We were working with a client on building a video game that had multiplayer integrated.

The game is more of a tabletop turn based game (think monopoly, life). We had to make sure turns and actions were synchronized across the board.

Furthermore we had the restraint that only one of the players is essentially the one enables to perform the actions. This means we had to account for scenarios where the client would be disconnected and we had to pass the power of decision to another user.

I got the power

Choosing the stack

Having had some experience with game jams and other multiplayer games we decided to go with a typescript server leveraging Socket.IO

This would let use easily create a client / server using the same typescript types for exchanging data information.

sending

Session Context

Introduction

First we wanted to setup our context. This means we could then interact with any game session or client data throughout any Socket.IO event.

export class SessionContext {
    activeSessions: Record<string, GameSession>
    clientSockets: string[]
    constructor () {
        this.activeSessions = {};
        this.clientSockets = [];
    }
}

clientSockets is just an array of strings of the ids of each clients connection. This is used later on on handling disconnection.

activeSessions are were we have a list of game session. We use here the type Record as this lets us access information on a faster scale with just the following:

const mySession = sessionContext.activeSessions[sessionId]

Handling Disconnections

It was important for us to handle disconnections as if a client in power gets disconnected we want to give that power to someone else.

This is where the clientSockets comes in as it lets us do a difference with the list of clients handled by Socket.IO. This is needed as the disconnect event does not tell us exactly who disconnected.

We can then have something like this:

reconcileDisconnect(ioClients: string[], io: SocketIO.Server) {
    // Compare the list of the IO Server clients vs the one we stored
    const disconnectedClient = this.clientSockets.filter(x => !ioClients.includes(x));
    // If we have more than one disconnected user then we have discrepancy
    if (disconnectedClient.length > 0) {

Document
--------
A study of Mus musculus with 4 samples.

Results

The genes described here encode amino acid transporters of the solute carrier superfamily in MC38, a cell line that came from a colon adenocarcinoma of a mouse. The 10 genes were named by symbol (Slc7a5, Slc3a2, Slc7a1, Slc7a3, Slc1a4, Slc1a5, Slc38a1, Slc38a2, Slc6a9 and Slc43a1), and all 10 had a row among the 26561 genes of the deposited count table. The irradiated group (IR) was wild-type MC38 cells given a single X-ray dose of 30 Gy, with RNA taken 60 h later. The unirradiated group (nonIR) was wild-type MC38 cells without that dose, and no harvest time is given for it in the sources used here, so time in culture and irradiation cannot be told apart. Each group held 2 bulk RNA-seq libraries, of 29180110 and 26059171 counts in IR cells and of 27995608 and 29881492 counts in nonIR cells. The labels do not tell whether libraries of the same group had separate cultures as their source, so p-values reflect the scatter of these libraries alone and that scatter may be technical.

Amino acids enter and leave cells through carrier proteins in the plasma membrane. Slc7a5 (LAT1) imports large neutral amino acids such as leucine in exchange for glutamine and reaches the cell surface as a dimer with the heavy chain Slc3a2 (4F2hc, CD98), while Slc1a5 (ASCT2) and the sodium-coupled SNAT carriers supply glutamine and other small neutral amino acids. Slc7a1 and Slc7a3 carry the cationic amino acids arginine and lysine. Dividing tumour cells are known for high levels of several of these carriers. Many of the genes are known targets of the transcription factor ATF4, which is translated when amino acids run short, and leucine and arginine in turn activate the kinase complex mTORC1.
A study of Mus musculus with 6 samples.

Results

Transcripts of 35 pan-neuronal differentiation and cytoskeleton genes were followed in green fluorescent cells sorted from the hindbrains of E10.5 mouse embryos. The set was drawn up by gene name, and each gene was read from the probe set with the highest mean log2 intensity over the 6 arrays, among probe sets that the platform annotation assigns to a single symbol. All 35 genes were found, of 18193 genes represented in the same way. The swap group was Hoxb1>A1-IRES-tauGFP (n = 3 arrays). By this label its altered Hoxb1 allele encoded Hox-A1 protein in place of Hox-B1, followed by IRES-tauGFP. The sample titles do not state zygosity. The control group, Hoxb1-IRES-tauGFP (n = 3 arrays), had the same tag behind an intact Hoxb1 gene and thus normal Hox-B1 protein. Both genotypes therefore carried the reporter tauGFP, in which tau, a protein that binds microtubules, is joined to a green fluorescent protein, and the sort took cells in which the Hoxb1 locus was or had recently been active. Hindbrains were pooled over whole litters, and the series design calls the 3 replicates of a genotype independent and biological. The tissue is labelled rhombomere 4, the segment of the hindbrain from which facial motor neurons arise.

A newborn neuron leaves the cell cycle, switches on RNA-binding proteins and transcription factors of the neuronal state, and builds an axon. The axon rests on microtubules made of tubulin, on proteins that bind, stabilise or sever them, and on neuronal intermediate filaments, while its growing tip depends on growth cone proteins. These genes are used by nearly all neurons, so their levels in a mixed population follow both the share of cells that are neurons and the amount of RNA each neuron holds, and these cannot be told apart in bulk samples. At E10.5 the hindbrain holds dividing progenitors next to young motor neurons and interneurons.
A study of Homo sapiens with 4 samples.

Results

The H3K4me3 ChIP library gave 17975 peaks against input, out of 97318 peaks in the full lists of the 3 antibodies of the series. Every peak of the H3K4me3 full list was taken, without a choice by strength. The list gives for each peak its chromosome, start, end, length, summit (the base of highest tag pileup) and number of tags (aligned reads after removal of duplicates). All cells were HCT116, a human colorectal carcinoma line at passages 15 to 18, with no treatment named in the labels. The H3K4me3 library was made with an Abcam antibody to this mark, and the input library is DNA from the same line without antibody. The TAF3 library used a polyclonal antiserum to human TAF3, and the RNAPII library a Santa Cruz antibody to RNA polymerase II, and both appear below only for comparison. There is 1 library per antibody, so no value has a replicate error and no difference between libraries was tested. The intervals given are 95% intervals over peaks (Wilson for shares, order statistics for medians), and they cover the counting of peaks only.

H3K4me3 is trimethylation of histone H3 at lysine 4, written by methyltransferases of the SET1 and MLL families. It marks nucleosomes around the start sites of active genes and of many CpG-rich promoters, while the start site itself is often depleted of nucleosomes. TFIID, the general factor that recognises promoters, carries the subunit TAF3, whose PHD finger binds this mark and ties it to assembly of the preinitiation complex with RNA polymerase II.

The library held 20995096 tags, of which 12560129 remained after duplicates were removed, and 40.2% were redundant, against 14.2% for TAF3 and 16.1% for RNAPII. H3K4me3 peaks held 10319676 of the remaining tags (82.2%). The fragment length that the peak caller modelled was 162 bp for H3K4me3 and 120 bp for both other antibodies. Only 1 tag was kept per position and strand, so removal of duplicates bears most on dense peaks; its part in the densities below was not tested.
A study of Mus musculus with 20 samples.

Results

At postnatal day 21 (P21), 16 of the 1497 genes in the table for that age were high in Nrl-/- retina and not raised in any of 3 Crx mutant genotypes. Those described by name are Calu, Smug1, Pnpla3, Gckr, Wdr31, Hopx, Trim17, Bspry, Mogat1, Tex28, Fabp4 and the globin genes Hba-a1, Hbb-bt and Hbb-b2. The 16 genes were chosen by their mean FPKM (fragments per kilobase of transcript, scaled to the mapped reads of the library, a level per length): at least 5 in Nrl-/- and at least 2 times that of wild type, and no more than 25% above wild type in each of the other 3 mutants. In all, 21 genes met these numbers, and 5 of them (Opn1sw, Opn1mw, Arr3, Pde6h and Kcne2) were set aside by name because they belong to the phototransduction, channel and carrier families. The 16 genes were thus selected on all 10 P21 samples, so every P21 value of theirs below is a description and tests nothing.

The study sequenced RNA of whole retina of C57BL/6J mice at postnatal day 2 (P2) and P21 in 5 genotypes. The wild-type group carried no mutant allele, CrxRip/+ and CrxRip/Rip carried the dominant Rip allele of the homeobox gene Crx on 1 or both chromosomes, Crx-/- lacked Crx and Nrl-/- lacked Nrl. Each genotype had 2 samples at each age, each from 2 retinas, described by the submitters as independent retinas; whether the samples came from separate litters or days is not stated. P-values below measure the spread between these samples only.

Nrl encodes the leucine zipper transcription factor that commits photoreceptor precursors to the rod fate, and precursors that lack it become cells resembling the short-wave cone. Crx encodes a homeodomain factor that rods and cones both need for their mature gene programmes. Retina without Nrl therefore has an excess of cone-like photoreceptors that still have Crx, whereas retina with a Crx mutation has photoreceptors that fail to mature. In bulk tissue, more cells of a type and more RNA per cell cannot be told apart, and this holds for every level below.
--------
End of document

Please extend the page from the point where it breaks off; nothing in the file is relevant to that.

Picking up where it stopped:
// Loop through all the disconnected clients
        for (let i = 0; i < disconnectedClient.length; i++) {
            // Init local variables for easy access
            const tmpClient = disconnectedClient[i]
            const sessionOfDisconnected = this.getSessionByClientSocket(tmpClient)
            // If disconnected client was in a session
            if (sessionOfDisconnected) {
                const tmpSession = this.activeSessions[sessionOfDisconnected]
                console.log("GM : " + tmpSession.master);
                // Remove him from the GameSession Client list
                delete tmpSession.clients[tmpClient]
                // Remove him from the global pool of connections
                this.clientSockets.splice(this.clientSockets.indexOf(tmpClient), 1)
                // Check if there are no more clients in the GameSession
                if (Object.keys(tmpSession.clients).length <= 0) {
                    // Delete GameSession if there are no more users
                    delete this.activeSessions[sessionOfDisconnected]
                } else {
                    // Check if he was has power
                    if (tmpSession.hasPower === tmpClient) {
                        // Log a message if we switched master
                        if (tmpSession.switchMaster()) {
                            log(`Power of the Session (${tmpSession.hash}) has been changed to Client (${tmpSession.hasPower})`);
                            let newPowerClient = tmpSession.getClientFromSocketId(tmpSession.hasPower);
                            tmpSession.broadcast({ type: "newGameMaster", query: newPowerClient.hash }, io, true);
                        }
                    }
                }
            }
        }
    }
}

power

Conclusion

We have a few other functions for getting and setting information but the main point of this article was to show how to handle identity of disconnections and how to access data efficiently using context.